Empathy in Business: 5 Ways to Make Meaningful Connections With Customers
Jun 30, 2020 9:06:13 AM
How’s your audience feeling nowadays? As a business, you always want to know as much as you can about your customer base – their needs, behaviors and how they feel emotionally. With everything that’s been going on this year, having empathy is more important than any other moment in our lifetime.
Empathy (n.): The ability to identify with or understand another’s situation or feelings.
Being empathetic goes beyond putting yourself in another person’s shoes. It’s an important variable that should be practiced in all business activities, especially in sales and marketing. It’s simple: the people who feel the most understood about their challenges, are more likely to do business with you. And in today’s consumer-driven climate, sales and marketing teams need to work harder than ever to understand the issue at hand, proactively. For businesses to deliver genuine value, sales and marketing professionals must be empathetic and analyze situations through varying perspectives.
“We all differ in how we perceive the world, and it’s this difference that must guide our communications with others as we seek to understand their perspectives.” – Tony Robbins
Five Ways to be More Empathetic
When you have the ability to see things from another’s perspective, it broadens your horizon and sheds light on a new understanding of circumstances. Some people are more naturally empathetic than others, but there are simple exercises that anyone can do to practice empathy and create more meaningful connections with customers and prospects.
1. Listen to Understand, Rather Than to Respond
Affirm to customers, their thoughts and concerns are being heard. Take their feelings into consideration and provide real solutions to their interests. There are two key phrases to listen for: “Our goal” and “We’ve had issues in the past.” Both hold the opportunity to offer invaluable information addressing matters and presenting a resolution. Additional ways to display active listening include attentive body language (i.e., good posture and uncrossed arms), using their own words in your responses and asking relevant follow-up questions.
2. Shift Your Focus
Instead of only focusing on selling, shift the attention to understanding the emotions – feelings and behaviors – of your audience. Ask how they’re feeling and what they’re experiencing, and how you can be of help. Compassion and a deeper understanding of your audience will lead to future interactions, as you identify ways to accommodate customers and provide them with what they need, easily and quickly.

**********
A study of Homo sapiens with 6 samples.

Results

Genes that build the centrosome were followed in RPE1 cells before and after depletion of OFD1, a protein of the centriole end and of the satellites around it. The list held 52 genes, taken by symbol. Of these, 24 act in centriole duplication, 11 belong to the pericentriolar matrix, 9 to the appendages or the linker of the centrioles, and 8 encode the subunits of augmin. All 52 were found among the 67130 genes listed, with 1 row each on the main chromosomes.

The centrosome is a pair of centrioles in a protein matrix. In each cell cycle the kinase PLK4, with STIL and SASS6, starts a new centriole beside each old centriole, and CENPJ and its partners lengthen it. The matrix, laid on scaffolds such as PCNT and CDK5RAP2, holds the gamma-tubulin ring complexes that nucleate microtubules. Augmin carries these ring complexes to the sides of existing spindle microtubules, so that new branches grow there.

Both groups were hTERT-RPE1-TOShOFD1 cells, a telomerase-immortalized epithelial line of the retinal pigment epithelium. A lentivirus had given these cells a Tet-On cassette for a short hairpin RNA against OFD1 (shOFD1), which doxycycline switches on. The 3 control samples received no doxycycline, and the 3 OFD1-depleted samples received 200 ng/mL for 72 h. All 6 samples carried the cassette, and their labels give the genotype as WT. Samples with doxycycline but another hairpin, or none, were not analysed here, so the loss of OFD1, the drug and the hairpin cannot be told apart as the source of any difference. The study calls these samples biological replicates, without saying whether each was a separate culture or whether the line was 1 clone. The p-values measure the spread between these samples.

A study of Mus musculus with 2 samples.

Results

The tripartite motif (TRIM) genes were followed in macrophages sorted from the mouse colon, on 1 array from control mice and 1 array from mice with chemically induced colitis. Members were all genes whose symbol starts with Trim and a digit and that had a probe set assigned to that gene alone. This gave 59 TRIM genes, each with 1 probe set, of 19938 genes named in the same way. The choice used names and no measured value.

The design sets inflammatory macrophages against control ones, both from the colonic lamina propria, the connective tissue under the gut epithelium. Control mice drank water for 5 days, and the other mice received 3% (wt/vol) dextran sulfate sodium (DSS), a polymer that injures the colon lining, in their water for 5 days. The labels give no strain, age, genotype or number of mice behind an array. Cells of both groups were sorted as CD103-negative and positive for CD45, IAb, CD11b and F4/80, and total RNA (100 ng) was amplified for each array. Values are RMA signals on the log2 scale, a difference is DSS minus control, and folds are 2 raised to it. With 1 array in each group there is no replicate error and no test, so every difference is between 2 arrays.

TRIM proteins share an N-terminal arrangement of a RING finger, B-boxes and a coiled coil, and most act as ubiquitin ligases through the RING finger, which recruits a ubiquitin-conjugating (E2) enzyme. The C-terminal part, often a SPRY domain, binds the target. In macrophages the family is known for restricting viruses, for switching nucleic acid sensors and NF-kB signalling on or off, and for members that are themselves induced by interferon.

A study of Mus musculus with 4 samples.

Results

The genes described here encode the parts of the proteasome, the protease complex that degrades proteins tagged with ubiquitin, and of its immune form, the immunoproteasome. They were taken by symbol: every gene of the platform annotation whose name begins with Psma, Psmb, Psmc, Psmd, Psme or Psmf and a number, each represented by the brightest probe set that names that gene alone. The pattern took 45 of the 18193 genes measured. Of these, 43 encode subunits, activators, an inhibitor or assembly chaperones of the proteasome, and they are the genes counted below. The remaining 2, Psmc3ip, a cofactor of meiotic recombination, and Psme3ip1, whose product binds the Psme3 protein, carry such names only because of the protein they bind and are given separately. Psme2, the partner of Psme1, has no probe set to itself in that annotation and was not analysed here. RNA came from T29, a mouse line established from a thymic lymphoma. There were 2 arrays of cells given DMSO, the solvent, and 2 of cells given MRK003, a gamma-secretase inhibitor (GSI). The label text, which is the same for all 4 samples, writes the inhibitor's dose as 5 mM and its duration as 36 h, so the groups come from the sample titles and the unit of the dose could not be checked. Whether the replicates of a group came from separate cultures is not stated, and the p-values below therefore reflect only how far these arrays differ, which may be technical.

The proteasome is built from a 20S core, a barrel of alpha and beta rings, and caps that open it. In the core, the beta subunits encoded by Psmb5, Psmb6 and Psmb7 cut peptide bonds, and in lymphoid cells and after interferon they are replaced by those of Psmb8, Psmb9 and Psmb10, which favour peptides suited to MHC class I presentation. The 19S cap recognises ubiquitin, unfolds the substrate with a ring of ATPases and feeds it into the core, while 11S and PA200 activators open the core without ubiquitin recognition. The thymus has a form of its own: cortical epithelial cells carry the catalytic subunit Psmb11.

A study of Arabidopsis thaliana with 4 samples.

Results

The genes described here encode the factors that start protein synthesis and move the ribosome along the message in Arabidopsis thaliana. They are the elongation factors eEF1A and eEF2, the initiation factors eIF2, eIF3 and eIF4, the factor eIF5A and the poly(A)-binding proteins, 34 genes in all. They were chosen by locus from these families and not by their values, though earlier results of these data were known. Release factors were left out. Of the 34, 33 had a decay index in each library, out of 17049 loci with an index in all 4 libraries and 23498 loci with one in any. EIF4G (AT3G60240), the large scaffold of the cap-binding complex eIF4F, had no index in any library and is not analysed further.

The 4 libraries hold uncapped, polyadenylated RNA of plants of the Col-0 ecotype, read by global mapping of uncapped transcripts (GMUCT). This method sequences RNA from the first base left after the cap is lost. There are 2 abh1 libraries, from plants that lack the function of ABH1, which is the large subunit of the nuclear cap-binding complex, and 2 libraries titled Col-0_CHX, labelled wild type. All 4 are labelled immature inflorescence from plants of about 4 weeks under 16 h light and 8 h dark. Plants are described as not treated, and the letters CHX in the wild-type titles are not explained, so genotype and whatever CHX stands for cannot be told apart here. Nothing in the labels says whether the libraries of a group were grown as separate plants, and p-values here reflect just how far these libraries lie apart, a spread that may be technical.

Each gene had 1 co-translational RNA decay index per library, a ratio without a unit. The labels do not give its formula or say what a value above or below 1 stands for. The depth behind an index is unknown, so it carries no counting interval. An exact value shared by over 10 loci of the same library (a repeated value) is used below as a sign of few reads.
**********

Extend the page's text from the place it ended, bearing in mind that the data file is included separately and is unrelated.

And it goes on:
3. Share Your Process
Your customers may feel frustrated if you’re not taking the time to listen to their challenges. This disregard can escalate if you jump to a solution without explaining essential details. Your customers are coming to you for a reason, and you should teach your solution well enough that they feel comfortable and closely involved in the process.
4. Practice Lead Nurturing Tactics
Is your audience listening? You can’t really answer that question unless you know precisely what they want, which is where the empathy comes in. Lead nurturing is a process that educates your customers about you while helping you better understand them.
HubSpot describes lead nurturing as “the purposeful process of engaging a defined target group by providing relevant information at each stage of the buyer’s journey, positioning your company as the best (and safest) choice to enable them to achieve their objectives.”You’re guiding a customer along the buyer’s journey by offering them assistance and content through each stage. Demonstrating a commitment to satisfy one’s needs, customers will feel understood and cared for and will be more likely to purchase from you when they are ready.
5. Ask for Feedback
One of the most effective ways to express empathy is by asking for feedback. Consider a survey or poll, for customers to complete. This not only lets you know how business efforts are being received, but it also gives customers a chance to be heard. After listening to what they have to say and making a change, customers may feel a valuable sense of reassurance that their feelings made an impact.
Empathy in Digital Marketing & Communications
We’ve covered how to be empathetic in your interactions with customers, prospects and employees, but practicing empathy goes beyond a conversation. Businesses use the internet and social media each day to broadcast their messages to a wider audience. Think about the digital communications that your business is delivering. Analyze what messages they’re sharing, the tone being used, and how someone on the receiving end may interpret the information. Your customers are looking for relatable subject matter. This can be difficult to achieve without practicing empathy.
Moving forward, reflect on the content you’re sharing: Is it sensitive to the needs of others? When posting, is your motive to help and understand people? Are you trying to appear people-centric instead of profit-centric?
Be Proactive to Provide a Better Experience
Compassion and appreciation in your business activities can make a world of difference. Observe what you are doing proactively to show empathy and what you can improve upon. Focus on seeing situations through another perspective and watch as their loyalty and trust in your organization grows.